Beyond Damages: The Availability of Attorneys’ Fees in Trademark Infringement Cases

Beyond Damages: The Availability of Attorneys’ Fees in Trademark Infringement Cases

Sometimes trademark infringement can feel like a David versus Goliath, with Goliath a trademark infringement Plaintiff and Defendant seemingly with everything to lose.  The fact pattern is quite straight forward for Plaintiffs seeking damages in trademark infringement lawsuits.  Plaintiff alleges prior trademark rights, Plaintiff sues Defendant for trademark infringement and Defendant faces not only liability but also monetary damages.  Those monetary damages could include actual damages (e.g. harm to goodwill of trademark, disgorgement of Defendant’s profits, etc.) or statutory damages (e.g. treble damages or significant amount), costs and attorneys fees.  Plaintiffs typically used the possibility of attorneys’ fees as further leverage in enforcing their alleged trademark rights.

What sometimes is forgotten is the fact that an unsuccessful Plaintiff may face damages of its own.  Trademark owners and trademark lawyers must remember that a Plaintiff may ultimately be liable for damages in a trademark infringement case.  The Lanham Act authorizes that “The court in exceptional cases may award reasonable attorney fees to the prevailing party.”  See 15 USC 1117(a).  Defendants can also avail themselves of this provision.

Depending upon the Circuit Court for the underlying case, the standard for an exceptional case so as to warrant ordering of attorneys’ fees to either party was historically difficult to meet.  This may have recently changed now that the Ninth Circuit has clarified what some others (such as the Fifth Circuit, which controls Texas, and Sixth Circuit, which controls Michigan) have been following.  In particular, in SunEarth, Inc. v. Sun Earth Solar Power Co., Ltd., the Ninth Circuit has stated that:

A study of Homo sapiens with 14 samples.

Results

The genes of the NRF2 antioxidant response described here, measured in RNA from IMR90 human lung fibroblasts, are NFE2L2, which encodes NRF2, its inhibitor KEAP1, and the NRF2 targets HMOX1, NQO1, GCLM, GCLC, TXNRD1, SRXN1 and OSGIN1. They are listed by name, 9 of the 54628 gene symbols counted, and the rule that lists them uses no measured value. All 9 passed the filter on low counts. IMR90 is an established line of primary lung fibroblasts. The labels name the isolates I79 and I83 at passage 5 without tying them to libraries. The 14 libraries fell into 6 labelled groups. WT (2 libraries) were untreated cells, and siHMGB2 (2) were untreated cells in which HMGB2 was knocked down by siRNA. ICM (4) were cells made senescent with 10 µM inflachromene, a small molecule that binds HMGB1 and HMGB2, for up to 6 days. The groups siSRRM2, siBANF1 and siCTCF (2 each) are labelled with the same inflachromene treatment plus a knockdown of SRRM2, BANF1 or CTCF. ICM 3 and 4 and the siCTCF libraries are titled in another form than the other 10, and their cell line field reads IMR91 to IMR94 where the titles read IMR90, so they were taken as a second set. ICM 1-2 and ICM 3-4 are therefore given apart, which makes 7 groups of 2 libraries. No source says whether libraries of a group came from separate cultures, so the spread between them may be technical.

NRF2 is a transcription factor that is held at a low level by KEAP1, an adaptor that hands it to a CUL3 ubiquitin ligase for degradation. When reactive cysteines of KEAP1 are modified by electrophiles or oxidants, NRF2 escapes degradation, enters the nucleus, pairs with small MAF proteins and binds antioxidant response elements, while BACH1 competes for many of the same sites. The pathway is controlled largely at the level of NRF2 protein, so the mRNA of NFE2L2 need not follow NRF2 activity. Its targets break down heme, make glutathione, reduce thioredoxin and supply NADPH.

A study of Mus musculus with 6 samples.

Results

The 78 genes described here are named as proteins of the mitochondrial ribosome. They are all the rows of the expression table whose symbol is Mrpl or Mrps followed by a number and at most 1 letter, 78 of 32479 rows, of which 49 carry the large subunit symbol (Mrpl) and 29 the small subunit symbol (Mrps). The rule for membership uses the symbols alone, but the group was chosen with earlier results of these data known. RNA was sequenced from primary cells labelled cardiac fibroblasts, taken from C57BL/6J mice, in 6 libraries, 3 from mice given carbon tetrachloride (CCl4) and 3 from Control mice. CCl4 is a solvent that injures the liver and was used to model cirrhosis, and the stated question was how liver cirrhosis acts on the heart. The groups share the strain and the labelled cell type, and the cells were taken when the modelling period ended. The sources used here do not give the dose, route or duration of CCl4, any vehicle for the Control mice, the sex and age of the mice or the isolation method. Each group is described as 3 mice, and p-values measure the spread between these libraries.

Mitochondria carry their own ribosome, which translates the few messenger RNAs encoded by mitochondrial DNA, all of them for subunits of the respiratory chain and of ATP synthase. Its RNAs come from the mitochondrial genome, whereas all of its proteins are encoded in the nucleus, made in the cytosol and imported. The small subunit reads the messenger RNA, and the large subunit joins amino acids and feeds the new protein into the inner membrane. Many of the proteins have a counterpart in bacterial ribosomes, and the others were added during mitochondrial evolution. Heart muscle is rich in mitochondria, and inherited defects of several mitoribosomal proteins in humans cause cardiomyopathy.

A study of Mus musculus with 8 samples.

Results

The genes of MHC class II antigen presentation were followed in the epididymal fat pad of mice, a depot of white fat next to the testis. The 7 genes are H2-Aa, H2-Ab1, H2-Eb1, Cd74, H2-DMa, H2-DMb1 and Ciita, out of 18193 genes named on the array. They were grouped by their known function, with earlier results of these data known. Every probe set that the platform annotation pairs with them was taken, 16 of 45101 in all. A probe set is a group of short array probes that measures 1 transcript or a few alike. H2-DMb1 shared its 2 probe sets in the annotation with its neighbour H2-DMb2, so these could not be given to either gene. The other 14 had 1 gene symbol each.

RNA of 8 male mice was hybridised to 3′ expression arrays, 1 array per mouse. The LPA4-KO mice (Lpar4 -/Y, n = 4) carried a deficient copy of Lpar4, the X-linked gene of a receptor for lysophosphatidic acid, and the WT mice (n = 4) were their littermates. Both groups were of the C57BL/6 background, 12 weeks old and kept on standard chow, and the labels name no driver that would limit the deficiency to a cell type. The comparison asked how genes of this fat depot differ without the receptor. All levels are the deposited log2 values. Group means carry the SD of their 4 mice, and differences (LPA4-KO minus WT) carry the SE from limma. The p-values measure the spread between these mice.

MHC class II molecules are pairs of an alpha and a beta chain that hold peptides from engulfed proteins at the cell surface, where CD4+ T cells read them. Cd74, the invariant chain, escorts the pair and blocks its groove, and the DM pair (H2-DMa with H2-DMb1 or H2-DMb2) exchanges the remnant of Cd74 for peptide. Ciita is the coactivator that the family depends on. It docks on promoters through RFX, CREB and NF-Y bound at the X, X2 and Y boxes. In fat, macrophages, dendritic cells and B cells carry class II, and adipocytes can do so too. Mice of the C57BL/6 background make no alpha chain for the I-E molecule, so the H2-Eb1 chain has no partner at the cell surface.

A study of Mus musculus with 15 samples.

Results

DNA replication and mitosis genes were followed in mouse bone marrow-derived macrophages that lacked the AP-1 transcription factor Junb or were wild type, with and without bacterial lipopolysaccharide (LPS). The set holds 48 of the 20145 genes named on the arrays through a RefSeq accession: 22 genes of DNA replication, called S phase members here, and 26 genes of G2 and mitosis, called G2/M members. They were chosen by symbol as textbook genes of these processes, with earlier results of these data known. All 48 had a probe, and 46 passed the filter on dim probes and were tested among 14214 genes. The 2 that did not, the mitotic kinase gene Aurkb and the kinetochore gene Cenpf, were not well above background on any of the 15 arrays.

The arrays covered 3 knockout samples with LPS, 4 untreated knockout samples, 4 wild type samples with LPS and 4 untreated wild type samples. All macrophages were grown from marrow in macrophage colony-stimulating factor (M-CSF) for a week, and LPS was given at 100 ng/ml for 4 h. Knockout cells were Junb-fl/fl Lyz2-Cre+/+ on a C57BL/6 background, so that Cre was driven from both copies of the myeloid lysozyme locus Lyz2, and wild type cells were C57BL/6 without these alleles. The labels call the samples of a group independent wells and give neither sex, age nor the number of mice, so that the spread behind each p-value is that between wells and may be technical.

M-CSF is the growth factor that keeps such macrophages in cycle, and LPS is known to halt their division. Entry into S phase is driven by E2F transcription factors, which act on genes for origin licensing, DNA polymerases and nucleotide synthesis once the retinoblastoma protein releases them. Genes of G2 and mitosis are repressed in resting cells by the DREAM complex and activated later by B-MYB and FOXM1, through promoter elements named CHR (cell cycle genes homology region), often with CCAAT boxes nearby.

an ‘exceptional’ case is simply one that stands out from others with respect to the substantive strength of a party’s litigating position (considering both the governing law and the facts of the case) or the unreasonable manner in which the case was litigated.

This totality of the circumstances test is now one that Plaintiffs and Defendants alike should consider pre-litigation and throughout.  A Court may exercise its discretion can look to the facts, law and conduct of the parties (and their counsel) in order to determine if a party’s position is frivolous, unreasonable, vexatious, or pursued in bad faith.  Whereas a Plaintiff makes a calculated choice to pursue a lawsuit and understands that it may or may not recover damages, a Defendant is typically left with no choice but to defend.  This clarification from the Ninth Circuit tends to provide the Defendant with greater clarity as to its opportunity to recover its attorneys fees in doing so, especially depending upon the merits of the case and Plaintiffs’ actions.  Put simply, Plaintiffs need to litigate with more care since Defendants may now turn the proverbial tables on a Plaintiff who brings a specious claim (i.e. bad facts or law) or acts unreasonably in litigating the same.

This interpretation becomes more important where the financial stature of the litigating parties are not equal.  David as a Defendant may have a bigger stone than Goliath had thought, and Goliath better thinks hard about the damages it may face despite being a Plaintiff.  Trademark infringement litigators must advise their clients about the best case and worst case scenarios, which necessarily includes the discretion of the court to award attorneys’ fees to the prevailing party, Plaintiff or Defendant, in an exceptional case.